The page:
A Finnair Airbus A320-200. Image: Wikimedia Commons / BriYYZ / CC BY-SA 2.0

Baltic countries blame Russia for GPS jamming of commercial flights

Baltic ministers have warned that the suspected Russian GPS jamming of commercial flights is "too dangerous to ignore." 

State officials from Lithuania and Estonia raised the alarm about Russian interference with navigation signals after two flights from Helsinki to the Estonian city of Tartu experienced GPS jamming and turned around mid-flight earlier in April.

"If someone turns off your headlights while you’re driving at night, it gets dangerous," said Lithuanian Foreign Minister Gabrielius Landsbergis in an interview with the Financial Times. "Things in the Baltic region near Russian borders are now getting too dangerous to ignore," 

Estonian Foreign Minister Margus Tsahkna called GPS jamming “a deliberate hybrid attack” by Russia. He called such interference “a breach of international conventions” and said that he intends to raise this issue at the European Union and NATO levels.

On Monday, Tsahkna discussed the GPS jamming with foreign ministers from Latvia, Lithuania, Finland, and Sweden.

Russia has previously been accused of jamming GPS signals near its bordering countries. For example, in 2018, Finland and Norway reported GPS problems during NATO exercises near Russia's northwestern borders.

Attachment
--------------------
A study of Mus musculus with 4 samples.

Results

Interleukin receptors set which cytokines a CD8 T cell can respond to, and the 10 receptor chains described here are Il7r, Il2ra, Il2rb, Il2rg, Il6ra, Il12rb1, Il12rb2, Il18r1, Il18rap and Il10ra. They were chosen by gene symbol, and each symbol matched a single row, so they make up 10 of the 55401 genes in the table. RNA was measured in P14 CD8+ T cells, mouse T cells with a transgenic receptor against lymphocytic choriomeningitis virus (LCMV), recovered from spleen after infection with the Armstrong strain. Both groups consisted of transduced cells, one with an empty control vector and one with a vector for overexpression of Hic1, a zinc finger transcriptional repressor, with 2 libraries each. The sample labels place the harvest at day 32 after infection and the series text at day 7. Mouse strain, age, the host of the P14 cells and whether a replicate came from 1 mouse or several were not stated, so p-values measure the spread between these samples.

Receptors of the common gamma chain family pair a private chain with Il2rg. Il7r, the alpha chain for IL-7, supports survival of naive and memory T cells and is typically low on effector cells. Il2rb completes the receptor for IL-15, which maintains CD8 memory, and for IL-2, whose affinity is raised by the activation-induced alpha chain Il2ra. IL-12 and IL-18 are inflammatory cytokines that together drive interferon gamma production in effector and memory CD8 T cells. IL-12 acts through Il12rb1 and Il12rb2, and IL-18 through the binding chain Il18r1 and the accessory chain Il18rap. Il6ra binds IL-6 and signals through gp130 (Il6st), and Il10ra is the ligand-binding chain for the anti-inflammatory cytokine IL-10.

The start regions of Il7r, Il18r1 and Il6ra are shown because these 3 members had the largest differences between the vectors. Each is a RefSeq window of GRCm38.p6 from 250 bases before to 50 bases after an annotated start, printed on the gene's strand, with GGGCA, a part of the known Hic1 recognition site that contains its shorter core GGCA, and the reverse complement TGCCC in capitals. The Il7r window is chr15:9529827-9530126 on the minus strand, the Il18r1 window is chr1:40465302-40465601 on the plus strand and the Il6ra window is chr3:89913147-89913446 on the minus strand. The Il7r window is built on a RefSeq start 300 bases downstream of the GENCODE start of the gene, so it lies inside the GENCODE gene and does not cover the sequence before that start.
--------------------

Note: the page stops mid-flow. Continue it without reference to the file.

Earlier this year the GPS on a jet carrying U.K. Defence Secretary Grant Shapps was jammed by Russia as it flew over Kaliningrad, a Russian territory between Poland and Lithuania.

The incidents, however, have escalated in recent weeks, particularly over the Baltic Sea. Finnish flag carrier Finnair announced on Monday that it will suspend its daily flights to Tartu, Estonia, from April 29 to May 31.

Finnair stated that the suspension will last until an alternative solution that does not require a GPS signal is installed at Tartu Airport.

Tens of thousands of civilian flights have been affected by GPS jamming in recent months, according to the Financial Times. The jamming also interfered with signals used by boats in the Baltic Sea, prompting warnings from the Swedish Navy about the safety of shipping.

“For military purposes, we actually are not as affected because we are not that dependent on GPS. But of course that makes it an unsecure area. And when … uncertainty occurs in an area, the insurance rates increase,” said the head of Sweden’s Navy, Rear Adm. Ewa Skoog Haslum.

Russia has not officially responded to accusations of GPS jamming in the Baltic region.


Daryna Antoniuk

is a reporter for Recorded Future News based in Ukraine. She writes about cybersecurity startups, cyberattacks in Eastern Europe and the state of the cyberwar between Ukraine and Russia. She previously was a tech reporter for Forbes Ukraine. Her work has also been published at Sifted, The Kyiv Independent and The Kyiv Post.